To kick off 2013, Policy Director Micheal Vonn and Board Member Reg Whitaker contributed to the journal Surveillance & Society. Read their full pieces below.

Talkin’ About A Revolution

by Micheal Vonn, Policy Director

Micheal Vonn

Question 1: Where Are We?—Sanitation Engineering Suddenly Very Sexy 
Simon Davies, one of the world’s foremost privacy experts, used to say that privacy advocates are the sanitation engineers of civil liberties: we don’t have a very sexy job, but boy-howdy, is it important. While once a true portrait, this is no longer quite as apt because privacy is increasingly becoming sexy. On one side of the ledger, this is an exciting development. Ordinary, non-policy-wonk people are increasingly voicing concerns about privacy and surveillance, especially in the online context. This shift is in part a success of increased education and advocacy. But in the main, this heightened awareness and engagement is a reflection of how dire things have become. We are reaching a crisis point that is increasingly palpable. In other words, ‘sanitation engineering’ is suddenly sexy because people are starting to understand in a big way that we are in deep sh**.


by Reg Whitaker, University of Victoria and York University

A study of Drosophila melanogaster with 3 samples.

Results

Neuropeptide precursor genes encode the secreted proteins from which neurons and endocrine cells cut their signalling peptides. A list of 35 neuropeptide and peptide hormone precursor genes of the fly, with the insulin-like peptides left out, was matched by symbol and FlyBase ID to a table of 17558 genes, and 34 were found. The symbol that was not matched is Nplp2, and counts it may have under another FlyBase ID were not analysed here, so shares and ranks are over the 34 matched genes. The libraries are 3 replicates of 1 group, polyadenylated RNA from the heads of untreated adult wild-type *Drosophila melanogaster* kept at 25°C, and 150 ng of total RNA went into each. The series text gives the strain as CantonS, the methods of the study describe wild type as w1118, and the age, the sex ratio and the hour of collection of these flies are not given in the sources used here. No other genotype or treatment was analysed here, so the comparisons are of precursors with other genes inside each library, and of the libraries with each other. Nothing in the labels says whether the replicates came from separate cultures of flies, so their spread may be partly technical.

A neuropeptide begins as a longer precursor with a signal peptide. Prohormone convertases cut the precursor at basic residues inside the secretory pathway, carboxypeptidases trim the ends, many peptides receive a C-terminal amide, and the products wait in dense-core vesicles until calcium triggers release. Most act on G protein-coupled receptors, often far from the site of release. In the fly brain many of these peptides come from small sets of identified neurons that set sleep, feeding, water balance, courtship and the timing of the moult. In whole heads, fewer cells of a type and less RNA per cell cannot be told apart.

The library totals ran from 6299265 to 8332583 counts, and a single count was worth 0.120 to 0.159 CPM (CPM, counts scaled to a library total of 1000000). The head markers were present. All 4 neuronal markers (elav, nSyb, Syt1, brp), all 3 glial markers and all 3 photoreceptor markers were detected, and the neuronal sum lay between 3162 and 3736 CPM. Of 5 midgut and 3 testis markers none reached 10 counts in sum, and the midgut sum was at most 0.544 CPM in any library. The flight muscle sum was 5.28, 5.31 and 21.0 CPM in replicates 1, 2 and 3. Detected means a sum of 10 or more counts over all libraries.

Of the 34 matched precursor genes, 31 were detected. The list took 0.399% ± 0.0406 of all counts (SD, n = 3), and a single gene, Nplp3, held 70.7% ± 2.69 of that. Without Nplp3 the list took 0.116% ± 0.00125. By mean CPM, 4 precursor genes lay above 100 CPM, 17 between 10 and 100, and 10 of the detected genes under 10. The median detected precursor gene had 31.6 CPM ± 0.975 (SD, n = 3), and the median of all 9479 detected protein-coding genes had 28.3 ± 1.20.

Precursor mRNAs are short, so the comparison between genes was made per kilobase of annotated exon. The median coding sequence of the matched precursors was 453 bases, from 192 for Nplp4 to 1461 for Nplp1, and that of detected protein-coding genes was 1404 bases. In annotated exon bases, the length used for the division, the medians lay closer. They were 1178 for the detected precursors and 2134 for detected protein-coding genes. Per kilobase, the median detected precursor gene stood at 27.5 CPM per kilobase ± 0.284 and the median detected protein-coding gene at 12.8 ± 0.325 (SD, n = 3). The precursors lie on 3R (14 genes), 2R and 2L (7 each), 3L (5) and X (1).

We begin in the fall of 2001. In the immediate shadow of the 9/11 terrorist attack on the Twin Towers, the Canadian Parliament debated the Anti-terrorism Act 2001. Despite its title, this legislation was something of a mini-omnibus bill, a national security act covering a range of security issues beyond terrorism. However, there was one clearly identified gap. Unlike the USA Patriot Act, rushed precipitously through the US Congress, the Canadian legislation contained no provisions for enhanced electronic surveillance of internet communication. Instead, the government promised to follow up with further legislation addressing this latter issue, with a nod toward the 2001 European Convention on Cybercrime as a broad set of guidelines. The impression left by government spokespersons was that new communication technologies and a deregulated telecommunications environment required some serious legislative upgrading and modernization of electronic surveillance rules to meet the threat of terrorism and international organized crime. The expectation was that the new legislation would follow expeditiously, although there would be time for public and industry consultation before a final draft was prepared.